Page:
Government budgets generally fail to impress me. No doubt this is the result of decades as an anti-poverty and fair tax advocate. But Ontario's proposed budget - the document that spurred an election and ended the leadership career of at least one politician - is different. It contains several items that are definitely steps in the right direction.
Empowered by majority government status and an election win where voters chose her platform of government investment over tax and spending cuts, Premier Kathleen Wynne has proposed tax measures that would boost provincial revenues by $1billion.
She is proposing to make the tax system fairer by lowering the income threshold for the top tax bracket of 13.16 percent from $514,090 to $220,000 and adding a new tax rate of 12.16 percent for those earning between $150,000 and $220,000. This is expected to bring in an additional $635 million in 2014-15. These changes will only apply the top 2% of income earners.
In another long overdue shift towards common sense, the plainly-named "small business tax reduction" will no longer be available to large corporations. There are also plans to increase the tax on aviation fuel, hike the tobacco tax, and several other changes that are expected to add $350 million for a total of approximately $1billion in additional revenue.
For years now, Ontario governments (both Liberal and Progressive Conservative) have been inflicting austerity policies while failing to comprehensively collect revenue from large corporations and the wealthy. This sloppy fiscal management persisted - long after it was obvious that it just doesn't work.
Cuts to public services have caused a lot of pain and not much gain in terms of reducing deficits. Those cuts also boosted unemployment, slowed economic recovery and reduced tax revenue.
We can no longer afford the steep price tag that comes with avoiding revenue side solutions. Governments need to be clear about the real costs of tax cuts and loopholes.
Ontario needs investment in areas like public transit, health care, poverty reduction and pensions. In addition, it is critical than there be a plan to offset these spending increases and keep deficit reduction on target as well.
The deficit doesn't pose a problem if interest rates stay low and the economy continues to grow. In that scenario, growth would continue to shrink the debt to GDP ratio.
But it is prudent to consider that interest rates may go up in the next few years. This could sharply limit the cash available to continue Ontario's investment in services and communities. That is why the deficit needs to be reduced, though it could probably be done over a longer time than is proposed in the budget. But the recent practice of relying solely on austerity and cutbacks to achieve this is not a solution. It boosts unemployment, hurts economic growth and reduces the quality of public services.
So how do you stop this vicious cycle?
Restoring the corporate tax rate would be a good start. When Ontario began cutting that rate in 2010 it was based on an idea that companies would use the savings for job creation and to develop new markets and products.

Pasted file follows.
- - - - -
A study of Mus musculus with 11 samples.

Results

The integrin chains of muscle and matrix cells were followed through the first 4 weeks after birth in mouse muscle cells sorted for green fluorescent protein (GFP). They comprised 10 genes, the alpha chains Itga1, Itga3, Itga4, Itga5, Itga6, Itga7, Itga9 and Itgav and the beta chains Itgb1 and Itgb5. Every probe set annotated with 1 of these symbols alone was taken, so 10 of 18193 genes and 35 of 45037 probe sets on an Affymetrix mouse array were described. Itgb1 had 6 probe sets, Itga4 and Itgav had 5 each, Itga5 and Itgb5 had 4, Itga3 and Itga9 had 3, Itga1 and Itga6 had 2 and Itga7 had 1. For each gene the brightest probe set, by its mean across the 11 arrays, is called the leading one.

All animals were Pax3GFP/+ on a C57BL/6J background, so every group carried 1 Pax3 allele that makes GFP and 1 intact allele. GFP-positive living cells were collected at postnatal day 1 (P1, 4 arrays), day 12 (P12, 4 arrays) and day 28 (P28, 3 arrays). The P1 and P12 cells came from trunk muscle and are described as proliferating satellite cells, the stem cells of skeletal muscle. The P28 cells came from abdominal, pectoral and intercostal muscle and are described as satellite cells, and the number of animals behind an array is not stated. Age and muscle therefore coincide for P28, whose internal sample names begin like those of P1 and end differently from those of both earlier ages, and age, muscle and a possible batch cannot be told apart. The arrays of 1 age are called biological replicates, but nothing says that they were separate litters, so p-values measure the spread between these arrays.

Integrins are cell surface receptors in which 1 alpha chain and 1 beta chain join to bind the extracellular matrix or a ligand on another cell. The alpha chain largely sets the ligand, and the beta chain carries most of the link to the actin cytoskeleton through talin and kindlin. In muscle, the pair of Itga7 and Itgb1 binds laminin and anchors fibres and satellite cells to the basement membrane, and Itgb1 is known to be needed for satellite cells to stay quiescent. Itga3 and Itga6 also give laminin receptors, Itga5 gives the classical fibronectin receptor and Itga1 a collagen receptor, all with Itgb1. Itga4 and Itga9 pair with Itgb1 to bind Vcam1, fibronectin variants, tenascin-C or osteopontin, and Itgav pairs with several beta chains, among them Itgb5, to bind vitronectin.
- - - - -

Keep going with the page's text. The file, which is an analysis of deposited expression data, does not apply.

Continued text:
That has not panned out. Instead Canadian corporations are sitting on $600 billion of hoarded cash that benefits very few. Still, the reduced tax rate persists. It is a very expensive failed experiment.
To put this in perspective, successive tax cuts beginning with the Mike Harris years means Ontario now has $19 billion less revenue annually. Ontario is one of the lowest taxed provinces in Canada. Revenue side solutions are a much better option.
Recent public opinion polls have shown that people are willing to pay more in taxes for public transit fixes to traffic congestion, improvements to health care, education and other public services.
After so much tax cutting, Ontario kick starting a $1 billion reversal is a pretty small step. But it is a step in the right direction. But further steps in this direction are needed in the next budget, including possibly some modest but broader income tax increases.
There's a caveat though.
Boosting taxes on the rich and on corporations will not result in more revenue if governments don't close tax loopholes and take stronger measures to go after tax cheats. On this front too, though there were some encouraging words in the Ontario budget:
"Reducing corporate tax avoidance and closing tax loopholes is a priority for the Ontario government. The government supports the principle that everyone should pay their fair share of taxes, including corporations."
Word is that Ontario government will be pushing the federal government and the Canada Revenue Agency to step up their efforts. This is welcome news. Each and every Canadian province loses revenue from corporate tax avoidance schemes that take advantage of tax loopholes and offshore tax havens. It is time for a strong stand by all provinces at the premiers meeting scheduled for August. They can no longer avoid tackling what has become a chronic problem.